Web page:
My last post on Title IX as it relates to contact sports was meant to be educational -- a report on what the law is, rather than what it should be. Clearly, however, I am enamored of the notion of women playing contact sports. There is really no good physical reason I can think of why women couldn't or shouldn't play tackle football, or any other sport, in women's leagues. Football is a fun game and there are women out there who want to play. So good for them for playing! Good for them for pursuing their interest in a great all-American sport despite the still entrenched cultural expectation that girls do not play football.
My preference, however, is to segregate the sexes in contact sports, with separate women's and men's teams. There are, after all, undeniable physical differences between the sexes that make segregation desirable (as Title IX itself recognizes). Nonetheless, if there is no women's team available, in most instances I support giving a qualified woman the opportunity to compete with the men's team. But I would draw the line at co-ed wrestling due to the intimate (ahem) nature of the contact involved in that sport. If this came up in my community, I would work really hard to find some other interested girls and put together a girls' wrestling team. (REMEMBER -- as I said in the previous post, Title IX would not require schools to put a female on a male wrestling team, but state schools might have to do so under the equal protection clause of the federal or applicable state constitution.)
I know the folks at Ladies Against Feminism do not approve of women engaging in the aggressive physicality of sports like football, as you can tell from this article. The argument seems to be that sports encourage a warlike, manly spirit in women and that women sometimes appear immodest or unlovely when they are engaged in sweaty, no- holds-barred physical competition. And in a way, they're right! When you are trying to clobber your opponent, you can't stop to worry about whether you look pretty or whether you may be inflaming male lust. (By the way, I had a good chuckle at some of the pics in the article, but I actually found them more inspiring than off-putting.)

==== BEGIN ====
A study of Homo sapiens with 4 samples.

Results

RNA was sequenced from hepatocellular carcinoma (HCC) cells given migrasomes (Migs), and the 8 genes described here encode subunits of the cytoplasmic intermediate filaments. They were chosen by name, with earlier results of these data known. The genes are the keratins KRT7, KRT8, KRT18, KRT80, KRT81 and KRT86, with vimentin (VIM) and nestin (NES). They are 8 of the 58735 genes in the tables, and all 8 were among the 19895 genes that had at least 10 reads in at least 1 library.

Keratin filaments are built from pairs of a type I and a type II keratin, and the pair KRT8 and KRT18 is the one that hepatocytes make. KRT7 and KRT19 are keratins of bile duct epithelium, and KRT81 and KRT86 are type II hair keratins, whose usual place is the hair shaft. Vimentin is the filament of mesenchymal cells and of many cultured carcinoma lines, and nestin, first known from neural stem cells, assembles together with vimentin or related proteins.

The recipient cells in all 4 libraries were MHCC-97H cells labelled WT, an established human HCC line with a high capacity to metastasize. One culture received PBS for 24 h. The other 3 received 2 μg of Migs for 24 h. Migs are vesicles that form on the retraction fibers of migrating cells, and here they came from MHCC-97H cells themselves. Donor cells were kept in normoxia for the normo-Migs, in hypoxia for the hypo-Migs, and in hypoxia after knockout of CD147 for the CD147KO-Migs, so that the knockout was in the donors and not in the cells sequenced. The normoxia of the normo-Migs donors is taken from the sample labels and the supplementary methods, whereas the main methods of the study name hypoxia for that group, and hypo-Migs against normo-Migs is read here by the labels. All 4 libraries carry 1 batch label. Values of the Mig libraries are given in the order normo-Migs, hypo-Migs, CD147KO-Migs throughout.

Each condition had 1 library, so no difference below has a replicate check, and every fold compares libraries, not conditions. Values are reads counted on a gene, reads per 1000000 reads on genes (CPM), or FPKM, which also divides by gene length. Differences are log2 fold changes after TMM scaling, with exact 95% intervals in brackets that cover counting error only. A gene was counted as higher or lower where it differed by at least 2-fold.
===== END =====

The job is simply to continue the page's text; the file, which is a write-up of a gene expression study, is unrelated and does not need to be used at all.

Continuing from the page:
That's not to say there is anything wrong with having a traditionally feminine appearance or dressing modestly. On most days, I myself would probably pass the Ladies Against Feminism (LAF) standards on both counts! But the problem comes in treating a feminine appearance and dress as the be-all and end-all for women. In fact, it is widely recognized that girls' participation in sports, besides being fun and healthy for its own sake, plays a key role in preventing teen pregnancy. The reason is that doing sports ingrains in girls the notion that they can use their bodies for fun and competition and feats of skill, strength and endurance. In other words, girls learn NOT to think of their bodies primarily as sex objects and therefore they are less likely to engage in sex prematurely.
In addition, engagement in an ever-broadening array of sports isn't about trying to be masculine. It is about learning the value of fair play, how to cope when you make a mistake, vigorous competition, fostering a healthy body, and just enjoying the experiences the world has to offer, including the experience of aggressive, competitive physicality. There was nothing in those photos in the LAF article that led me to believe that the women athletes depicted wouldn't be excellent mothers and loving wives, or lovely single women.